If you’re feeling particularly awful about the nosedive Bitcoin prices have experienced over the past year and its unfortunate effect on your investments in the token, a clever loophole exists that might soften the year-end blow just a little bit.Crypto Tax Girl, whose name is pretty self-explanatory, explains that Bitcoin (BTC) can be traded out before the year’s end — west coasters have a little more time than those on the east coast — for stablecoin Tether (USDT). If you can complete this trade before the 2018 year’s end, the loss will be counted as a tax-deductible event. Depending on how much crypto is in the investment, this could result in a pretty big tax deduction.
Why is this possible with cryptocurrency and not with traditional fiat stocks? The IRS does not categorize digital currency in the same manner as anything on the stock market. Rather, cryptocurrencies are categorized as property. This means that crypto is in the same grouping as, say, your home, car, land, or other material assets. Additionally, the IRS does not require that you wait 30 days to buy back into BTC. This is very good news for the fairly large number of investors who do not love USDT. In other words, trading BTC for USDT today, Dec 31, 2018, will result in a pretty great tax write-off. Reversing the transaction tomorrow and switching back to BTC will have no effect on your 2018 tax return status.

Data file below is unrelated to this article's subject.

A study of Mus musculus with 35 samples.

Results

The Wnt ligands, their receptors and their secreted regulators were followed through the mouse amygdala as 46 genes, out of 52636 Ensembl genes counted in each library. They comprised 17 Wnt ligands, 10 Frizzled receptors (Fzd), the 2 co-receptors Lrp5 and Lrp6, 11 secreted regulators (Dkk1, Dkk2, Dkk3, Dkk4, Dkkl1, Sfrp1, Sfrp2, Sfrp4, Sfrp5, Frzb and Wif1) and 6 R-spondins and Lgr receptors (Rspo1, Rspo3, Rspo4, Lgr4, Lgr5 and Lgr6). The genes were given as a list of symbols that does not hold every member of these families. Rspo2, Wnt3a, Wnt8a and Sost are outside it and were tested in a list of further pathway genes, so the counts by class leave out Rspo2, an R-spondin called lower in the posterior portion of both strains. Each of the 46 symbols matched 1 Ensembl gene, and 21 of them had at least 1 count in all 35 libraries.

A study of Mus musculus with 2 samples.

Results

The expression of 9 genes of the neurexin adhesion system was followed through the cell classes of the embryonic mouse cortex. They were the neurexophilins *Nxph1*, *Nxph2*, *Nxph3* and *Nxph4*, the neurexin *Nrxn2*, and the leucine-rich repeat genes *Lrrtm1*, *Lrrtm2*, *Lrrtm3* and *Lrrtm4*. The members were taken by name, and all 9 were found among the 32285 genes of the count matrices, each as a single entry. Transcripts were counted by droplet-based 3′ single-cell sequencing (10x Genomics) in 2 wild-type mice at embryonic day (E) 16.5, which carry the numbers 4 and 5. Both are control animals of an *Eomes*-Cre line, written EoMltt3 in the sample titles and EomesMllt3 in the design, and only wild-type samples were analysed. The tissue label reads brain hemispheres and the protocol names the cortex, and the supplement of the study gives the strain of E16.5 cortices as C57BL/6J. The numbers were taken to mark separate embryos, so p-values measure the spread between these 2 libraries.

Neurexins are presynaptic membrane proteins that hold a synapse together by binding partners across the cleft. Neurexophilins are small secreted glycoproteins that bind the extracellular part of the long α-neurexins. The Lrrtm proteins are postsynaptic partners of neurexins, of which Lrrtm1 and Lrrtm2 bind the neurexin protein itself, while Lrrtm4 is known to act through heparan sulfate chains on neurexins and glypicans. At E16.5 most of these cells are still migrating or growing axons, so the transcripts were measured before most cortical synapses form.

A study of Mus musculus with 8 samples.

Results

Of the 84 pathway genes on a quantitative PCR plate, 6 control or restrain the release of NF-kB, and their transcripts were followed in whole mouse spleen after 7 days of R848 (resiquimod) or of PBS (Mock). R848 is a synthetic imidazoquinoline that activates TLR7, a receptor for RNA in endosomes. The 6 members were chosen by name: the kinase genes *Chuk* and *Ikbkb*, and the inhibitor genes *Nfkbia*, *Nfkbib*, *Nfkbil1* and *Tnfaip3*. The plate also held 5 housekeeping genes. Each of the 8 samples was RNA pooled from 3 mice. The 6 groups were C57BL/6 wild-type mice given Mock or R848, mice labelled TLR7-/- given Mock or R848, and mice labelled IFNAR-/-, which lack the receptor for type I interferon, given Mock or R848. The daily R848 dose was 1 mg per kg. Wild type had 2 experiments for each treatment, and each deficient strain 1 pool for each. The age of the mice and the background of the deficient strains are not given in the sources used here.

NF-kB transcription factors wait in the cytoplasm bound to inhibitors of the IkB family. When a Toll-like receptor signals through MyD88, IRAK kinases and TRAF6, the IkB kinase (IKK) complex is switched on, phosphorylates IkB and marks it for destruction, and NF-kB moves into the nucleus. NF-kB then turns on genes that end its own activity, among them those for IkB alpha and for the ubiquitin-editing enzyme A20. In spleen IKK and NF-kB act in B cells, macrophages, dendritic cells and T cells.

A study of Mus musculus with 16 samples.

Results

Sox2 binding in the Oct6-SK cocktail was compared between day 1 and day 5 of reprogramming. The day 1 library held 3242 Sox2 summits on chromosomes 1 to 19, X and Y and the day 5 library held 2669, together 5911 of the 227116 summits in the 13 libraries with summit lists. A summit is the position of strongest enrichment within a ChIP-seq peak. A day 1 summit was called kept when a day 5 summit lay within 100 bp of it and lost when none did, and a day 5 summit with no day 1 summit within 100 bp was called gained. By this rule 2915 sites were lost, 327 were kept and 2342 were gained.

And to clarify, unlike stocks, you don't have to wait 30 days to buy back in.— Crypto Tax Girl (@CryptoTaxGirl) December 31, 2018
So for example, you can trade all your depreciated BTC to USDT today and then trade it back to BTC tomorrow, and not much will change except for you will now have a loss on your tax return 🙂
Reporting is simpleReporting the loss is a straightforward procedure. This is also good news, as your crypto broker will not do all the paperwork for you like a traditional bank or financial management firm would do. You will not got a 1099 or any other reports stating your tax obligation. In order to fulfill your reporting obligations to the IRS, you must gather a couple key pieces of information. First, the IRS will need a record of the date the crypto was purchased. They will also want to know when it was sold. Finally, you will be required to gather information on the purchase price as well as the sale price. All of this information needs to be entered onto a Schedule D (1040) form and submitted with your other tax return documents. This can become rather confusing if you are a heavy trader, or made multiple purchases throughout the year. Therefore, it is a good idea to regularly maintain detailed records of your crypto transactions over the course of the year. Several websites exist to assist investors in maintaining an accurate transaction history as well as in determining your annual tax liability. Sites such as Bitcoin.tax and Cointracking.info were launched for this specific purpose.
IRS on the huntUnited States lawmakers have been showing an increased interest in the cryptocurrency market this year. While most policy changes that are being considered will affect agencies other than the IRS, specifically the SEC, FTC, and the CFTC, the very fact that Congress is addressing the crypto space at all is a significant step. The crypto space has been mostly overlooked by lawmakers. It moves too fast for them to keep up. Many people in finance, even at the expert and policy-making level, do not have a solid understanding of the nature of crypto. Nobody really has an idea of crypto’s future, except that it is a dynamic market. What do you think? Let us know in the comments below!